As any parent can sing for you, Disney’s 2013 smash hit Frozen cemented Elsa, Anna, Olaf and Kristoff solidly in their canon of central characters, and Idina Menzel’s Grammy and Oscar-winning “Let it Go” written by Kristen and Robert Lopez in every parent’s musical rotation. With nearly 1.3 billion dollars at the box office, the sequel was inevitable, and here it is. But will it hold up to the original?
Well, yes. Mostly. In some ways, Frozen 2 is a little more fun, and in others, it shows its obvious roots as a forced sequel to a children’s film.
Frozen 2 opens up with Anna and Elsa as small children again, as they are put to bed and told a story by their mother and father. It’s a somber tale about the fate of the farthest frozen north and the grave fate of their grandfather who led an expedition to meet with the indigenous people of the dense forests there. Something went wrong and fighting broke out between the two parties. As the forest seemingly attacked everyone, their grandfather disappeared, and their father was miraculously rescued. Afterwards, an impenetrable magical mist locked in the forest, and nothing was ever heard of their grandfather or the indigenous peoples since. Their mother, Queen Iduna, then sings them a bedtime story and as Anna and Elsa drift off to sleep, we’re transported back to the present day and Queen Elsa. As you can imagine, this heretofore unheard bedtime story will be the springboard for this film’s adventure.
What follows is a pretty simple fantasy adventure plot. It’s got more than its fair share of holes, which your younger kids likely won’t notice, but it moves along at a good pace. It’s not much of a story, so much as a sequence of events propelled along and neatly resolved through the powers of persistence and ice magic. It has some equally simple messages about the environment and colonialism and growing up and dealing with loss, but no real thoughtful explorations of those ideas. Which is fine. The messages are there to remind your kids to be respectful of nature and other people while they get distracted by giants and forest spirits and a mystical horse made of water that embodies the angry rage of the northern ocean. A... sea horse, if you will. Sorry. I’ll see myself out.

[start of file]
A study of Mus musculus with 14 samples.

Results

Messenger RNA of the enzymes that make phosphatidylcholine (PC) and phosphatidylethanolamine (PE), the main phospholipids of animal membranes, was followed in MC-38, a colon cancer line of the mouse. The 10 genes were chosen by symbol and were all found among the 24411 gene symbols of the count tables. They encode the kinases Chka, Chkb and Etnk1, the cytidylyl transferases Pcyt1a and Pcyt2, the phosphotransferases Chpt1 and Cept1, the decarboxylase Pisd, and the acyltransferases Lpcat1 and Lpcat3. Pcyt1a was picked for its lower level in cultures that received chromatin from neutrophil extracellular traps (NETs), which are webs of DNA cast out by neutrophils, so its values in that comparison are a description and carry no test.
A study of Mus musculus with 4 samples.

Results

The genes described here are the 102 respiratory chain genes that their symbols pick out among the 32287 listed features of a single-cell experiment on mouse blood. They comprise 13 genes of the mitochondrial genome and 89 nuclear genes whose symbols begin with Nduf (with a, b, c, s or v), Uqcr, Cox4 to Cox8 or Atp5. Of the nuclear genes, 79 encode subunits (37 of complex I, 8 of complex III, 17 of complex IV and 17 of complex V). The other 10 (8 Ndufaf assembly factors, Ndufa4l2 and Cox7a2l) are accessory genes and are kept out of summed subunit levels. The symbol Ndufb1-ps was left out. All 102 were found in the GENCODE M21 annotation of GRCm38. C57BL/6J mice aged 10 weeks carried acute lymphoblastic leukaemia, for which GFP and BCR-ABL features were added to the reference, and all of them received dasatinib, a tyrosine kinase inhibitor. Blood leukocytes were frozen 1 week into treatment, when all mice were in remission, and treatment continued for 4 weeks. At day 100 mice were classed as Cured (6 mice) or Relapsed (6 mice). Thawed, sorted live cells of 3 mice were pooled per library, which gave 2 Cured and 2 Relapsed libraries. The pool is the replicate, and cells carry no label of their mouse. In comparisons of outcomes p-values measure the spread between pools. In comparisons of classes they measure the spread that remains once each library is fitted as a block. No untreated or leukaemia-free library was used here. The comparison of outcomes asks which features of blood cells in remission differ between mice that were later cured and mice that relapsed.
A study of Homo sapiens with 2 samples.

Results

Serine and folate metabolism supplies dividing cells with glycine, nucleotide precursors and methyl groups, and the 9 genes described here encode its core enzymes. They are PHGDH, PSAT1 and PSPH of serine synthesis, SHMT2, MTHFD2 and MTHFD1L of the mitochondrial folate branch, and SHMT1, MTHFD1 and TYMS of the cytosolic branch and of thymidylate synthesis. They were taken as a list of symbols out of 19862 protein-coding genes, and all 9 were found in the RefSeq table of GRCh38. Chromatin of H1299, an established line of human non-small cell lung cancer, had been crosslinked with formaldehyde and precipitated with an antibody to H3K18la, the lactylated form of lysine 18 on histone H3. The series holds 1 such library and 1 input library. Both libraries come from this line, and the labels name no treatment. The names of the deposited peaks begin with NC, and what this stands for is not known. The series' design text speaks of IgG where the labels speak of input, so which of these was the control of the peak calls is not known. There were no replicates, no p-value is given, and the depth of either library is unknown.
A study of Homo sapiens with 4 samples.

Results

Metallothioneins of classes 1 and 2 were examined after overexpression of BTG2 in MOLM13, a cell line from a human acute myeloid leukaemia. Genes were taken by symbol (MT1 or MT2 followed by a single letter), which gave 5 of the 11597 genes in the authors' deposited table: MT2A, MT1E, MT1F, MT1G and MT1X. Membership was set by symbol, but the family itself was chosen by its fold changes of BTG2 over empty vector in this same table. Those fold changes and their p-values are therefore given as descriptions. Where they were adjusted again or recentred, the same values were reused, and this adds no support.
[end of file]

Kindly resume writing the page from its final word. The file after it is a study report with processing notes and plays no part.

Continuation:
I don’t think any of the songs will be that memorable, but maybe I’m not in the target demographic, and those of you with the correct aged children will get back to me about how many hundreds of times you had to listen to them. There certainly doesn’t seem like anything to rival the immense popularity of “Let it Go.” Olaf has a cute song about growing up, and of course Elsa has several songs. The highlight of the pack was perhaps unintentional, but I did find myself laughing out loud during Kristoff’s ballad. But that was mostly because it was shown in a similar style to late 80s and early 90s music videos, with overlaid closeups of his face. I honestly don’t remember much about the song, other than it being a forlorn love ballad, because the woman sitting next to me was laughing too hard, and that was more entertaining than the movie at that point.
So what’s the verdict on Frozen 2? Well, if you have younger kids that loved the original, you’re probably going to have to see it regardless. If you’re just an adult wondering if this captures the same magic as the first one? Maybe. I thought it was fun, and while it’s not really an essential tale, it works as a Disney musical adventure. This won’t sit in the Disney pantheon alongside the giants, but it’s certainly among the better sequels.